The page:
Price: € 40.00Add to cart
available: more than 10
A branch with three opening buds is placed in the centre. The inscriptions LATVIJAS REPUBLIKA (Republic of Latvia), semi-circled on the left side, 1 LATS at the bottom right, and year 2010, semi-circled at the upper right, are featured on the obverse.
An image symbolising Mother Latvia with a millstone - load of freedom - on her shoulders is placed in the centre. The inscriptions NEATKARĪBAS ATJAUNOŠANA (Restoration of Independence), semi-circled on the left side, 4. maijs (4 May) and year 1990, both on the right side, are featured on the reverse.
Two inscriptions Latvijas Banka (Bank of Latvia) separated by rhombic dots.
The morning of 4 May 1990 was sunny and warm. Fragrant bird-cherry trees were in blossom. The spring flowers at the foot of the Freedom Monument were laid to form the red-white-red national flag. It was not yet an official holiday in Latvia but most people felt as if they were a part of a great celebration.
At 10 a.m. the Supreme Soviet of the Latvian SSR began a meeting on the restoration of independence of the 1918 Republic of Latvia that had been occupied since 1940.
The day before the newly elected MPs from the Popular Front of Latvia gave an oath at the Brethren Cemetery not to waver from the course adopted to reach the lofty goal, not to fear the opposing forces, and to vote for Latvia's independence. However, as the extremely strained relationships of Lithuania and Estonia with the Kremlin showed after the adoption of similar decisions in March, a harsh battle for a real political, judicial, and economic independence was still ahead. For that reason a Declaration of the restoration of the independence of the Republic of Latvia was of great importance as proof of Baltic unity that carried the same weight for world democracy as the fall of the Berlin Wall.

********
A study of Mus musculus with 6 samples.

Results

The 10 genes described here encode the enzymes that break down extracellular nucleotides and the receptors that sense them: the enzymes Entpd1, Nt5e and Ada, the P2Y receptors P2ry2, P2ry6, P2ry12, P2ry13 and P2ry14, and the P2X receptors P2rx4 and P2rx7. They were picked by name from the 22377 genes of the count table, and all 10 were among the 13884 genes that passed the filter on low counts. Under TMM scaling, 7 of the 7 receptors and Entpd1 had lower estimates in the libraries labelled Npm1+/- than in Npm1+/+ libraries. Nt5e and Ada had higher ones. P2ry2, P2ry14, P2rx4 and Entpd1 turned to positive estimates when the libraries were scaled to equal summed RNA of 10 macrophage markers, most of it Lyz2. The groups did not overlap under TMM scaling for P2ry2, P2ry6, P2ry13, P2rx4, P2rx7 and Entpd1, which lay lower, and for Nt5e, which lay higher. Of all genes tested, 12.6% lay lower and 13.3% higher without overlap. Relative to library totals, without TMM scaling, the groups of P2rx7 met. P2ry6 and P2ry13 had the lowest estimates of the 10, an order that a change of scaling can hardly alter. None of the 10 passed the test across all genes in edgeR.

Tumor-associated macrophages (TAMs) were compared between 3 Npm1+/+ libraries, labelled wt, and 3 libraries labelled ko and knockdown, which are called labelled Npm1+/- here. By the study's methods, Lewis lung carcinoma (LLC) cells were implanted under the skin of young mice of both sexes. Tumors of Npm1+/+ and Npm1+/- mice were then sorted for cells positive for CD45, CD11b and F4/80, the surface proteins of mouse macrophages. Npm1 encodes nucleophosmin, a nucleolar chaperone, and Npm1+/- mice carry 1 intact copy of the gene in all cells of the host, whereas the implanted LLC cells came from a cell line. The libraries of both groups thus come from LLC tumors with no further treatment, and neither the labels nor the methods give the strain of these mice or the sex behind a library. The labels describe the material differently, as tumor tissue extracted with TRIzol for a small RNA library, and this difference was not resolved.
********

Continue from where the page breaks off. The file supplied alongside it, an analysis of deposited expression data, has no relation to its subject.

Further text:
To change the fundamental law of the state, more than two thirds of the parliamentarian votes were necessary and a loud wave of joy reverberated through the ancient streets of Old Riga when it turned out that 138 of 195 deputies had voted for Latvia's independence from the USSR.
The people's representatives walked out of the meeting hall, their fingers forming the victory sign. "Victory!" the people shouted back. On this sunny day, cheeks got wet from the bright rain of joy. Three flowers in the national colours to everybody! The state language, the national anthem, the national flag. Three countries united in their struggle for independence. A republic that was born, then killed, then resurrected. The blood shed for freedom on the barricades of January 1991 helped to destroy the chains struck by the secret protocols to the Molotov-Ribbentrop pact.
Shaking off the yoke of oppression, Mother Latvia stood tall. In the joy of victory, thousands of pairs of hands rolled the heavy, sweet, and most valuable load of freedom on her shoulders. Each and every patriot must now help to carry it - an ever-rotating earth, an ever-running millstone or a life-sustaining sun. The miracle of 4 May 1990 should never be dropped or put aside as too heavy.